Dr Mark Moore


Anesthesia Medications


Mark Moore, MD
Tallahassee Anesthesiology, PA

Day 89

Mark Moore,MD

 

Cancer is a terrible disease and cancer patients deserve access to their medications without unnecessary delay. In 2014, Florida passed its first medical cannabis law to help patients suffering from cancer and other debilitating diseases, receive medicines they need. Sadly, cancer patients had to wait two years for the first dispensary to open, then I was the first physician in North Florida to obtain certification to prescribe medical cannabis and our office MEDCAN opened its doors for this purpose in July 2016. 

Then we waited 90 days.

To be sure, the Florida medical cannabis laws are complex and painstaking for doctors and patients. Everyone understands the need to proceed with care when it involves controlled substances. The Florida Board of Medicine, the Florida Medical Association, the State of Florida and its physicians all desire to protect their patients from the dangers of overuse, addiction and diversion. And rightly so. Until recently, car wrecks were the leading cause of death for our youth—but now it is fatal narcotic overdoses. 

Part of the problem with the opiate scourge and the “pill-mills” of Florida was that many big businesses put profit before patients. And health care providers took a back seat, to the detriment of those patients.  Thankfully, Attorney General Pam Bondi took a strong stand on the indiscriminate prescribing of narcotics and closed many of the clinics.  She should be credited with saving the lives of so many of our citizens.

For most of our patients at the MEDCAN Office, a significant percentage of whom have cancer, medical cannabis is a godsend. I remember when one of my earliest patients reached her 90-day mark. We sat down at the computer to enter her data into the state registry, and then write her first recommendation for medical cannabis.  She cried. Then she laughed and hugged me. She has done well, and so have others.

But some stories do not end as well. One day in the clinic, I entered the exam room and sat down with a young woman with newly-diagnosed cancer. After our evaluation was complete, I reviewed the Florida laws with her. When I told her that there was a 90-day waiting period to receive her prescription, she looked at me tearfully and said: “that is ok…. if I’m still alive”.  She did not show up for her 90-day appointment at our office, so my office staff made a follow-up call to her home.  The family member solemnly said: “she died yesterday”. My patient literally died on Day 89.  We were heartbroken, not only because she died so soon, but because we were never able to fulfill her hope and desire to receive her medicine.   How can we explain to our patients that the same law that recognized the efficacy of deathbed medical cannabis created a 90-day roadblock to receive it?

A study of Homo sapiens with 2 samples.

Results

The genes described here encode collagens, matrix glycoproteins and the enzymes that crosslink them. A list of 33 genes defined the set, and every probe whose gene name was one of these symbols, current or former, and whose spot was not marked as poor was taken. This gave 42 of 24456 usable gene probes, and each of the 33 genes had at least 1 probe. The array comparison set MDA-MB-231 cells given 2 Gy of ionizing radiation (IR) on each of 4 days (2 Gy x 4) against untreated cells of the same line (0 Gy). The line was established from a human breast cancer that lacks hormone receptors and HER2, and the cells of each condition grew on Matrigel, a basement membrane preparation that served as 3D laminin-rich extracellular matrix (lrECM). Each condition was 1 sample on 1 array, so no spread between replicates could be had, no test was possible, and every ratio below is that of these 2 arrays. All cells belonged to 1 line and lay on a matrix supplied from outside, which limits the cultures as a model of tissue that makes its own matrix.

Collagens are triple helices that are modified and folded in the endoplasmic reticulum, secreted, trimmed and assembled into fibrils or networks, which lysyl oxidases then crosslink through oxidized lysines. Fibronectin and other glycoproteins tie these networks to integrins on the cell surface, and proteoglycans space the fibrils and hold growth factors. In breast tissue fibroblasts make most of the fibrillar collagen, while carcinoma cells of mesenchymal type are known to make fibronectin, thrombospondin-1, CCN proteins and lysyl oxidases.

Reasonable access to medicines under the Florida medical cannabis law is a pressing issue. A significant number of my patients that do receive prescriptions are told the dispensary is “out-of-stock,” or “out of that formulation,” or that there is not even a dispensary in their entire county. Amendment 2 and the Medical Marijuana Treatment Centers (MMTC’s) and caregivers designated in it were to allow more individuals and providers to be involved in growing and dispensing services to make these medicines available for patients. With the passage of Amendment 2, we have an opportunity and a mandate for change. 

Cannabis has been approved in Florida as medicine. It is in the Florida Constitution. It is not just any medicine, and it is not like alcohol. Cannabis is classified as C-1, the highest controlled substance in the U.S., categorized as such with highly-addictive, deadly narcotics and opiates. Local city and county officials would do better to simply designate dispensaries as “Medical Commercial,” instead of “Open Commercial,” thereby avoiding contentious battles over moratoria.

Our state and local legislatures work hard for our citizens and I applaud their efforts to help the people in Florida.  With this in mind, as they promulgate the rules for Amendment 2, I respectfully urge Florida’s lawmakers to eliminate the 90-day waiting period for all confirmed terminal cancer patients and reduce the waiting period for all other patients to 30-days. We all want to see patients get the care they need, when they need it.  Improved access to medical cannabis can be accomplished by allowing qualified physicians to own and open MMTC’s to help their patients.

Florida says cannabis is medicine. Health care providers should be actively engaged in the legislative process, the industry, and MMTC’s to help their patients.  Certainly, we doctors should--our patients are counting on us.

Mark Moore, MD is a board-certified anesthesiologist and founder of the MEDCAN Medical Marijuana Certifying Clinic in Tallahassee, Florida. MEDCAN was the first medical doctors office in the state entirely dedicated to the certification of patients to receive medical cannabis.